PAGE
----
The Michael Jordan Principle(A)
“It’s the Michael Jordan Principle. If he can get $30 million, I have to get it.”
— Joseph Bachelder, CEO compensation negotiator
We, the body politic, have utterly failed to rein in outrageous executive pay packages. Since CEO pay began to skyrocket in the late 1970s, shareholders and the SEC’s efforts to restrain it through limitations on golden parachutes, increased disclosure, tax incentives have all perversely backfired. (For example, increased disclosure allowed CEOs to see what their peers were making and use that negotiate more effectively.) The greed, self-entitlement and cronyism that drive these paychecks through the roof have foiled us every time. You can’t shame the shameless.
The premise underlying today’s executive excesses is that CEOs and other senior execs deserve to be compensated on a commission basis for all the big deals they’re pulling off, as though they were comparable to athletes and rock stars. Harvey Golub, the CEO of American Express in the 1990s, made $57 million salary, bonus and restricted stock over eight years, exercised options worth $92 million and upon retiring, was granted another 990,000 in options. Pointing to the $55 billion in increased market cap during his tenure, he asked the Wall Street Journal, “How much of that $55 billion should I get?”
To buy into this, one has to agree that Golub’s made a truly outsized contribution his company’s rise in market cap, rather than something like, say, a terrific bull market or the hard work and talent of thousands of employees. But many CEOs want – and get it – both ways, negotiating killer packages that pay off even when performance lags or thousands are laid off. Perhaps we’re supposed to console ourselves with the thought of how much worse things might have been if someone else other than the former Pfizer CEO Hank McKinnell ($83 million in pension benefits) had presided over Pfizer’s 37% drop in stock price that coincided with his five-year tenure.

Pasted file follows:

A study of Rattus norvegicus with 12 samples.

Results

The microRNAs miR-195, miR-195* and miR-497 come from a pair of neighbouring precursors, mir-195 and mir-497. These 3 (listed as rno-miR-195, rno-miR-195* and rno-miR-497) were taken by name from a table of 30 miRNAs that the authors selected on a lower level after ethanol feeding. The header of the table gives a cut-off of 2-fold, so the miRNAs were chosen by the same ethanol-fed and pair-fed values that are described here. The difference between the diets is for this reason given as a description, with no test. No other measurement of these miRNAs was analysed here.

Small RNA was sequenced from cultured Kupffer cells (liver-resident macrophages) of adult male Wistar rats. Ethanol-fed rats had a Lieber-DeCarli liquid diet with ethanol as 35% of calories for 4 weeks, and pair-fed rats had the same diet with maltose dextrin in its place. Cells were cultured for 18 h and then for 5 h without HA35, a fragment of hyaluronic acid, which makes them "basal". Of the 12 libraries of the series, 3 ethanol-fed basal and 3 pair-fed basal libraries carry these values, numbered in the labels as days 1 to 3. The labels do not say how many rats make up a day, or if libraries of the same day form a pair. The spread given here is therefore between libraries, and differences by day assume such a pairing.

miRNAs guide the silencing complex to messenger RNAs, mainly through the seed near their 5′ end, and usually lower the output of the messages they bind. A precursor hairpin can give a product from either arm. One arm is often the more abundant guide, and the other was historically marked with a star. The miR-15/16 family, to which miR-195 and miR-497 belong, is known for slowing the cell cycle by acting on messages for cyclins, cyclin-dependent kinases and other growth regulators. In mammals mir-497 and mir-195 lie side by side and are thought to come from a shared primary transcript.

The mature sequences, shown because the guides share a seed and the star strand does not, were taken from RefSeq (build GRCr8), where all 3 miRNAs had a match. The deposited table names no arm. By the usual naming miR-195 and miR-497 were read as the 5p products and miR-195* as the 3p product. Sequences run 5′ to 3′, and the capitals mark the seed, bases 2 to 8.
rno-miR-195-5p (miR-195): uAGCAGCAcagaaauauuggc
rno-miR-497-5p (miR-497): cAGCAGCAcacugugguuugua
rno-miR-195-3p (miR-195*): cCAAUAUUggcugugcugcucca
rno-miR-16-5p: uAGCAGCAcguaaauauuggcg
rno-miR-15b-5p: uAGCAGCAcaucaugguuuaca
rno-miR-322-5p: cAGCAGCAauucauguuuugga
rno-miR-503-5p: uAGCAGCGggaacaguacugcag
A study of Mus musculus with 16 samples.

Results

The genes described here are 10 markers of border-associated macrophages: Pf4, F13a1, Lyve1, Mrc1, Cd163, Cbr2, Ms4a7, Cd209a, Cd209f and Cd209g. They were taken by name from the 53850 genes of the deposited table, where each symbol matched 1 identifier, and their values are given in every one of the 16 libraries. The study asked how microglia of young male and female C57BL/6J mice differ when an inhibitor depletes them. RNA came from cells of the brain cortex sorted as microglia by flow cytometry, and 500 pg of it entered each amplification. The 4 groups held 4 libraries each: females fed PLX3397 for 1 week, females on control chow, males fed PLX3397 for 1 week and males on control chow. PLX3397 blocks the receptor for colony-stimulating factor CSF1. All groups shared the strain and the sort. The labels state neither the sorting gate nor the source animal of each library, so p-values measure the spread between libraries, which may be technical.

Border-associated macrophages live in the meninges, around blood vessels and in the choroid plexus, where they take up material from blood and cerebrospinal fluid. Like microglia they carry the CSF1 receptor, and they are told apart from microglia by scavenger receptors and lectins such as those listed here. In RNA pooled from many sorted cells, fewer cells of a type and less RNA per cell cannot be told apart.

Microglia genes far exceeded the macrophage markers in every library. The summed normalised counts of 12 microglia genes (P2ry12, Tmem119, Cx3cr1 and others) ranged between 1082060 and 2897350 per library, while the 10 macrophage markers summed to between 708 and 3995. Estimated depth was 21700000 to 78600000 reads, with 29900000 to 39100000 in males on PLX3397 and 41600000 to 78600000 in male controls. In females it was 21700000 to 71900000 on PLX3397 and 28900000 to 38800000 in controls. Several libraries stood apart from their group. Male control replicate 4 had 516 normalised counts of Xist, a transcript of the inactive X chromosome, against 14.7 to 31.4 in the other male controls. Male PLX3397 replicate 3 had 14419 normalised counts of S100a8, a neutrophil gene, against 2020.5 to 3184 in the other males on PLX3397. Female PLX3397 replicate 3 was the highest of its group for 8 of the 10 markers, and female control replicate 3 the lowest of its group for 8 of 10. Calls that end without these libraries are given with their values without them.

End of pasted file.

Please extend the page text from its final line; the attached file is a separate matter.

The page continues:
Viewed through the lens of corporate governance activists , if the board doesn’t have the stuff to link pay to performance, then the power balance is out of whack. But for social investors, and much of the public, something bigger is going on. The obscene amounts of wealth that executives make compared to the rest of us tears away at our tattered social fabric. The richest 1 percent of Americans held 32 percent of the nation’s wealth in 2001 (not even counting the Forbes 400 billionaires, who control roughly another 2 percent of the nation’s wealth).
So we have to simply become cleverer about shaming the shameless. In a roundabout way, that is the hope embedded in a shareholder resolution at Citigroup filed by the American Federation of State, County and Municipal Employees (AFSCME), and co-sponsored by Trillium. It calls for an annual shareholder vote to ratify the compensation of named executive officers, and reduction of ambiguity around the size of the package. The vote would be advisory only, but the thinking is that Citigroup (and 60+ other companies that will receive this resolution this year) will have at least the PR sense not to propose compensation packages so fat that they’ll get rejected by shareholders. Last year, the resolutions received support in the range of 35 to 45% at seven companies. Advisory votes are already standard practice in the U.K., Australia, the Netherlands and Sweden. They might just provide the forum needed to embed some reason and economic justice into compensation system gone crazy.
“Behind Executive Pay, Decades of Failed Restraints,” Wall Street Journal, October 12, 2006; “Study Finds Wealth Inequality Is Widening Worldwide ,” New York Times, December 6, 2006; Executive Compensation vs. Workers: An Overview of Wages, Pensions and Health Benefits of Rank-and-File Workers and Sky High Executive Pay, Prepared by Democratic Staff of the Financial Services Committee, October 24, 2006.